Improving the quality of Indonesia’s education spending

Author: Pedro Cerdan-Infantes, World Bank

Indonesia has made an extraordinary commitment to education in the past decade. Since 2002 the government has had a constitutional mandate to allocate at least 20 per cent of its budget to education, a figure it achieved in 2009.

This rule has led to one of the most rapid increases in resources for education in the world — spending has almost tripled in real terms in 10 years. Increased spending has been accompanied by fundamental changes in the way the education sector is managed. Most management decisions have been decentralised and a majority of spending now goes directly to district governments and schools. The reforms have led to impressive advances in access to all levels of education, especially for the poorest segments of the population.

The increases in access and equity are truly remarkable. Children from poor families are enrolling earlier and staying in school longer than ever. The share of the poorest 15 year olds who are enrolled in school increased from 60 to 80 per cent between 2006 and 2010. The percentage of job market entrants with at least a senior secondary education surpassed 50 per cent in 2008 for the first time. Indonesia’s labour force is becoming educated fast, and the country has very ambitious plans to make it even more capable in the future.

Yet there is a growing concern that improvements are not developing in proportion to the increase in resources. Enrolment rates in early childhood education, senior secondary and higher education are still low by regional standards. Few poor students complete senior secondary education and even fewer reach higher education. Moreover, the quality of Indonesian education does not seem to be improving; the country scored poorly in maths and science in the latest round of the OECD’s Programme for International Student Assessment, which tests 15 year olds in language, maths and science. This low level of skill is confirmed by employer surveys, which reveal that many recent graduates are not meeting employers’ expectations. This points to the biggest challenge in education in Indonesia at the moment: improving the quality of education.

An upcoming study by the World Bank, Spending More or Spending Better: Improving Education Financing in Indonesia, suggests that disappointing trends in the quality of Indonesia’s education sector can partly be explained by the way Indonesia spends its resources. The report found that additional resources are often allocated across levels of education in the same way as previous spending. This means that 9 years compulsory education receive a majority of additional resources. Comparing Indonesia to other countries in the region, it is clear that this composition will have to change in the future. Indonesia currently spends a significantly higher share of its resources on basic education than does Thailand and Malaysia, let alone Singapore or South Korea.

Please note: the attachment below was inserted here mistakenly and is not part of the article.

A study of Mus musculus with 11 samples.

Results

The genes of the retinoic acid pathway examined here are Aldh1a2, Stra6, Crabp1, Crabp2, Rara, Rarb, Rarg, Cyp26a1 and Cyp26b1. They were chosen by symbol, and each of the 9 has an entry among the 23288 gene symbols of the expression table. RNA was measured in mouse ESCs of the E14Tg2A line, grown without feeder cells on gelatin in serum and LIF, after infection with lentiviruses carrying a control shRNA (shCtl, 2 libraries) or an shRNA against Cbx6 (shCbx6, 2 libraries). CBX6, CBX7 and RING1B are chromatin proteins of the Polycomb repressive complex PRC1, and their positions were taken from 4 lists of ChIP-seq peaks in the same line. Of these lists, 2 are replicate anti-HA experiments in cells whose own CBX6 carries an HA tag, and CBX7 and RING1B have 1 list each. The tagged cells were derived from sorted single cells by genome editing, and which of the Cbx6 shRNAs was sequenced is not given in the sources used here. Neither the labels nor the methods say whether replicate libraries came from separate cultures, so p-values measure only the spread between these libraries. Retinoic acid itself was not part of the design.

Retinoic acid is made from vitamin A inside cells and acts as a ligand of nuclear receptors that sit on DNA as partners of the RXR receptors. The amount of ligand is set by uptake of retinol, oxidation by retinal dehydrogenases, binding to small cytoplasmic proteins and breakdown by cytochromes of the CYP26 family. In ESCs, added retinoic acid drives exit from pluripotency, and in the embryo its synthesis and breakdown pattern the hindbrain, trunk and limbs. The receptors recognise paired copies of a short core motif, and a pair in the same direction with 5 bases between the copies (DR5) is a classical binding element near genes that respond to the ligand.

More importantly, almost two-thirds of additional resources have gone to teacher salaries as the number of teachers increased and the government introduced a teacher certification program that doubles the teacher’s salary upon completion. Indonesia already had one of the lowest student–teacher ratios in the world in 2005, and this ratio has only decreased since then. Yet recent evidence shows that adding new teachers does not lead to better learning outcomes for Indonesian students. The impact of the teacher certification program is not promising either. An ongoing evaluation of the program shows that the certification allowance improved the lives of teachers because higher salaries made them less likely to hold second jobs, but did not affect the results of their students.

The budgetary implications of increased salary spending are not yet fully apparent. Indonesia relies heavily on contract teachers, who represent around 40 per cent of the teaching body and who generally receive about half the starting salary of a civil servant. The low percentage of certified teachers has also kept the salary bill affordable. But the share of contract teachers is now likely to decline while the number of certified teachers will undoubtedly increase. This will have a drastic effect on the budget in the near future.

The World Bank report points to two main reasons for Indonesia’s excess of teachers: the way money is transferred from central to district governments provides an incentive to hire teachers; and there are generous teacher entitlement formulas for small schools, with small schools proliferating in Indonesia. These reasons are relatively well known, but the solutions are not straightforward. They are complex and will require stronger collaboration across different ministries and levels of government, as well as innovative approaches to teacher management.

The education challenge is big, but if Indonesia gets it right, the pay-off is likely to be bigger. The future of the Indonesian economy depends on a well-educated labour force. That, in turn, depends on improving the quality of spending now.

Pedro Cerdan-Infantes is an economist at the Human Development Department, the World Bank, Jakarta. The views expressed in this article are his own and not necessarily those of the World Bank.